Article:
Photo: akasped via flickr
Mobile and video companies are getting a lot of attention in the press regarding their ability to address the shift in consumer habits. This “ability” banks on TV being replaced by online video or augmented dramatically by the use of mobile devices. What the press is missing or avoiding is the power of the last mile.
The mobile companies and services riding on a mobile device have solved the expensive problem of getting into the home, but have yet to crack the code for generating piles of cash from amassing and reaching audiences on these digital devices.
In the late 1990s and early 2000s, broadband cable and telecom providers invested heavily in laying fat pipes all the way to your home. Their goal was to improve service, provide more programming, add new services (e.g. Triple Play) and make every home a “connected” home. Today, virtually every home in or near a major metro is cable-ready, has access to high-speed internet and, in many cases, is ultra-connected thanks to fibre optics. Recently, thanks to the Connect America Fund, the FCC provided $300M in cash to the telecom and cable companies to bring broadband to rural America with the aim of providing Internet access to every American.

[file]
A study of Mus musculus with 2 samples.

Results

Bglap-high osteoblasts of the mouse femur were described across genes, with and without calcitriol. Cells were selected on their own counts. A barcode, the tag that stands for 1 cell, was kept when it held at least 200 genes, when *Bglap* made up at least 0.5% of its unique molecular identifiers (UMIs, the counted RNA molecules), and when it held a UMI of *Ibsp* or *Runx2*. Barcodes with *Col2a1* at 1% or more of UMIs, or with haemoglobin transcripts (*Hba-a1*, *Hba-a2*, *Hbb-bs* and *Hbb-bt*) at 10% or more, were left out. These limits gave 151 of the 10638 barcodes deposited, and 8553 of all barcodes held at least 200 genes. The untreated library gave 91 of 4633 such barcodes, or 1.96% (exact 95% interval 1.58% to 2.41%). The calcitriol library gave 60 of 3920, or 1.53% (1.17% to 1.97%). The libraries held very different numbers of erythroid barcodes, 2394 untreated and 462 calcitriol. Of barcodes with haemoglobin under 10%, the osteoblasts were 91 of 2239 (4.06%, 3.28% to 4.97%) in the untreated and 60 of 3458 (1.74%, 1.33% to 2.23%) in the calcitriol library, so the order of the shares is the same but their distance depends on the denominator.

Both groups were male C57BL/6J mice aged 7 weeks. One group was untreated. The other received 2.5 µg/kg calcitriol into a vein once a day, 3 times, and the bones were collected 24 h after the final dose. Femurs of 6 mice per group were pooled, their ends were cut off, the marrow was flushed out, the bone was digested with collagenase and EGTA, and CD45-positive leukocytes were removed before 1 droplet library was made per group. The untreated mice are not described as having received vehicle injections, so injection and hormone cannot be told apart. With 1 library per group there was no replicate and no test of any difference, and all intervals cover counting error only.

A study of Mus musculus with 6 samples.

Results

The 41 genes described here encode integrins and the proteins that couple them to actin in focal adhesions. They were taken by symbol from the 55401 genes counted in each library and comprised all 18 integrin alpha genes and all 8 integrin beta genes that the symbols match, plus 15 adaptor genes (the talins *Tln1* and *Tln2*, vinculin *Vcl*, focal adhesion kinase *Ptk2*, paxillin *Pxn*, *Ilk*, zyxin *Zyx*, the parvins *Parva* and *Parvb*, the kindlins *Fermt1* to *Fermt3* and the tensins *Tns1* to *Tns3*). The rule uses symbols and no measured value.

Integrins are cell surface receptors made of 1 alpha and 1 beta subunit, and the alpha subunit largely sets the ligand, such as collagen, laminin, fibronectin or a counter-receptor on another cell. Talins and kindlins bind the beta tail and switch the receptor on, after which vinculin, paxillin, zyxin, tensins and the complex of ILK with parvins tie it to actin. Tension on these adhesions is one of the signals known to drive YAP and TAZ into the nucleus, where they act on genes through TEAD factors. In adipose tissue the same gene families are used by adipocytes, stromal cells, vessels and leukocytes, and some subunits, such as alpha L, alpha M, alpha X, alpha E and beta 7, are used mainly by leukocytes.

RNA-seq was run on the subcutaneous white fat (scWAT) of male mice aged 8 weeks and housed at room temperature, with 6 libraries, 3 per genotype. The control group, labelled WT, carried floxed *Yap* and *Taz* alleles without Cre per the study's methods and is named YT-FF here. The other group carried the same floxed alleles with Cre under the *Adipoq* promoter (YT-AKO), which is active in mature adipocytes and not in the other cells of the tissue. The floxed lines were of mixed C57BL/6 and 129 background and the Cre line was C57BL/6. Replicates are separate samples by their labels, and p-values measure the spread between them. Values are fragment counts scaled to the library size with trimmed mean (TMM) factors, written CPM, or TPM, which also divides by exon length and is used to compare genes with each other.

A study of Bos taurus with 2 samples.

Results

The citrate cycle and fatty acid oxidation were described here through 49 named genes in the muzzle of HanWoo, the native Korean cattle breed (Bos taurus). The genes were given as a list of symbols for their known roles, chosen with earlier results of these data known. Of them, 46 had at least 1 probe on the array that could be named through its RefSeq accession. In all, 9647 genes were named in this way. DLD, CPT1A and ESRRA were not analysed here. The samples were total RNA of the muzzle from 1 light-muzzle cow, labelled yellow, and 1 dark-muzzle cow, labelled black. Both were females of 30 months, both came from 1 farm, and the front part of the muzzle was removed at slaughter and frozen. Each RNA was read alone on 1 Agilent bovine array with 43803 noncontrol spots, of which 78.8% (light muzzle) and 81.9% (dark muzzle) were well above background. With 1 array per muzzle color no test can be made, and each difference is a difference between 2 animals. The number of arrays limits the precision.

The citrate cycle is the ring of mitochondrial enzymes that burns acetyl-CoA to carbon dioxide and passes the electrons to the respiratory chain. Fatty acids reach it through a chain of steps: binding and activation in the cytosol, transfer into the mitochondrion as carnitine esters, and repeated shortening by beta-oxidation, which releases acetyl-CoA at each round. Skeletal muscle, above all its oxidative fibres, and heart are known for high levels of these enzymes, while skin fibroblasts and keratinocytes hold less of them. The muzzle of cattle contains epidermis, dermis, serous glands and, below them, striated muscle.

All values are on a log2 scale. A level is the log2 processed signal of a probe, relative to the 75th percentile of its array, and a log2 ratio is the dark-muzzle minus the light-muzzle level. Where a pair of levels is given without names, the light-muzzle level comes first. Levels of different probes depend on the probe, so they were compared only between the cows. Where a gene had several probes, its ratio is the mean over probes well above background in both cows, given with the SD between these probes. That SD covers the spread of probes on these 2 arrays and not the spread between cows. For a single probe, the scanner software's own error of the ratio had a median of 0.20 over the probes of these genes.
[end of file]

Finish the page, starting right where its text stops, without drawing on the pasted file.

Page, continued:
Providing access to the control of the home experience has not yet been heavily promoted, but we are starting to see the telecom and cable companies flex their muscles. A friend recently mentioned to me that suddenly every TV (with a cable box) in her home was defaulting at start up to the local news station (owned by the cable company). Today’s consumers can change this setting (deep within the menu system of course), but I can imagine a day when you turn on your TV and you are presented with a 30-second infomercial, providing consumers with the opportunity to fully engage and then get more info via VOD service or through another connected device in the home.
This is just a single, simple example of how cable and telecom companies have enormous, unspoken power to leverage information known about viewing habits, home address, web behaviours and related purchases. By owning the pipe into the home, providers like Time Warner, Comcast and Verizon have enormous advantage in helping brands reach the end consumer, perhaps with more success than they would via a mobile device. This last mile may change the way consumers engage with brands. When will we start seeing the full-potential or promotion?
The views expressed here reflect the views of the author alone, and do not necessarily reflect the views of 24/7 Media, its affiliates, subsidiaries or its parent company, WPP plc.